The Battle of Balaclava, fought on 25 October 1854 during the Crimean War, was part of the Siege of Sevastopol, an Allied attempt to capture the port and fortress of Sevastopol, Russia’s principal naval base on the Black Sea.
The Honour is borne on the Guidon of the 4th Hussars.
The 4th (Queen’s Own) Light Dragoons and the 8th King’s Royal Irish Hussars both fought in this, the most famous of all cavalry actions: The Charge of the Light Brigade.
Lord Raglan, The Commander-in-Chief, wished Lord Lucan, the cavalry commander, to prevent the Russians from removing the guns that they had captured on the Causeway Heights.
Owing to inaccurate passage of information and a difference of perspective, Lucan ended up ordering Lord Cardigan to use his Light Brigade to capture an entirely different objective: the Russians guns at the other end of the valley, a mile and a half away.
The Brigade set off in impeccable formation, the 4th and the 8th as the second line behind the 11th Hussars, 17th Lancers and the 13th Hussars, all the way enduring heavy fire from the guns on both sides of the valley and, when in range, those of their objective.
Each line in turn crashed onto and through the position, clashing with the massed ranks of the enemy’s cavalry beyond the guns.
The 4th, under Lord George Paget, remained on the guns and finished off the artillerymen, until a large body of Lancers was observed coming down to cut them off so, together with the 11th Hussars, Paget wheeled them about and they managed to brush past the enemy and start the long return journey.
Of the 118 men of the 4th that started the charge only 39 returned, and of the 104 men of the 8th only 38 came back: in all 409 of the 607 men in the Light Brigade were either killed or missing.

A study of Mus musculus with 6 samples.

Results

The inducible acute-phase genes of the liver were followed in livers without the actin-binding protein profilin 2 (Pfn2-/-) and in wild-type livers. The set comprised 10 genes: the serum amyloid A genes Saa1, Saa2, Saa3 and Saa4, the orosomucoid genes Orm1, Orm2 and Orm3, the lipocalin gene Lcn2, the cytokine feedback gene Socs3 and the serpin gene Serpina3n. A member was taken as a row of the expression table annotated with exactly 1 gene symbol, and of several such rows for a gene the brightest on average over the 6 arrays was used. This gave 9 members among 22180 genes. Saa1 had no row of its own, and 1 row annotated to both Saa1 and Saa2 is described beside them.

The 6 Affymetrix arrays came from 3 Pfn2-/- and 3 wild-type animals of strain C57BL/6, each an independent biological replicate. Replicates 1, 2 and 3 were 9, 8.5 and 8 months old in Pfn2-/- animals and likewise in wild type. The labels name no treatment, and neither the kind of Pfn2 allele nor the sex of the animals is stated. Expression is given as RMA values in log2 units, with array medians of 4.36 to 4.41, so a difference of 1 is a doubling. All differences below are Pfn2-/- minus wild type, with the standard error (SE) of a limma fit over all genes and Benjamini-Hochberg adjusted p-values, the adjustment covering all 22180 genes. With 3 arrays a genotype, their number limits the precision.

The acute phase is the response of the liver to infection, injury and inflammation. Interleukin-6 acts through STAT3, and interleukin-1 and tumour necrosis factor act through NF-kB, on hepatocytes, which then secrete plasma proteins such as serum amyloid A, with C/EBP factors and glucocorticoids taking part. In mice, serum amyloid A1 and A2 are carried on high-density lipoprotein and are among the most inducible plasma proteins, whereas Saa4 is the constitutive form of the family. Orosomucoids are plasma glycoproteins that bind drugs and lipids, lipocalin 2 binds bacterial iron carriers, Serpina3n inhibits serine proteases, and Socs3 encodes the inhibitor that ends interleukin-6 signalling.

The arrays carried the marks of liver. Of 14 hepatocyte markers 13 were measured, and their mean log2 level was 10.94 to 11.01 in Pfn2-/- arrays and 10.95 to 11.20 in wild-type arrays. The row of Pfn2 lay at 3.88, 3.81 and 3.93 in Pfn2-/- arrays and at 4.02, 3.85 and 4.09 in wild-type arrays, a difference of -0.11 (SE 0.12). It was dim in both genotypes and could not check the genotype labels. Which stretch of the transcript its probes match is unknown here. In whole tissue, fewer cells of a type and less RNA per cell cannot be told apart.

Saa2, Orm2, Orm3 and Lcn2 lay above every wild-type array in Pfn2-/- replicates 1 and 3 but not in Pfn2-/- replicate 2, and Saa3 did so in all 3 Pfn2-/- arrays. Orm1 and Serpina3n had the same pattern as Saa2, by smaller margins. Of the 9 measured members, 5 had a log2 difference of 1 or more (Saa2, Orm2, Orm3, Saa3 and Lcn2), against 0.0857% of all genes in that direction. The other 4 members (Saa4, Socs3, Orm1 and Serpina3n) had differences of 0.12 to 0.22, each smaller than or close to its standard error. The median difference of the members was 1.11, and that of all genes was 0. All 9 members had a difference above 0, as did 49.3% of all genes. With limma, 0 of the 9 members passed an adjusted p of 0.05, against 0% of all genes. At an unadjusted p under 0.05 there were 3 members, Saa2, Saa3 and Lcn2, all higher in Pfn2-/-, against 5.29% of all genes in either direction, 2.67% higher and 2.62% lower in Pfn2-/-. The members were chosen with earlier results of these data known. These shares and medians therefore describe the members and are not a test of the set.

In the course of the battle the Colonel’s “Rollicking Orderly,” Samuel Parkes, was among the missing. At the time of the charge, Crawford was the Colonel’s trumpeter.
After the charge on the Russian Lancers, Crawford’s horse collapsed from exhaustion and soon afterwards Parkes’ horse was shot. Parkes began to make his way back on foot when he saw Crawford, who had lost his sword in his fall, about to be attacked by two mounted Cossacks. Parkes at once ran to Crawford, stood in front of him, fought back against the two Cossacks and drove them off.
The two men then started to run up the valley and were joined by Private John Edden, also of the 4th, whose horse had also been shot. Soon they came across Major Halkett, lying seriously wounded.
They were preparing to pick Halkett up when some Cossacks began to ride towards them. Halkett told the men to put him down and save themselves, but to put his sword into his hand before they went. Parkes turned and faced the Cossacks, whilst the other two tried again to lift Halkett.
A Russian officer rode up and said to Parkes in English, “Give yourself up, and you won’t be hurt.” Parkes refused and one of the Russians fired his pistol and wounded Parkes in the right hand.
The three of them began to run off. Edden got away but Parkes and Crawford were caught. As they were being taken back they saw that Halkett had died.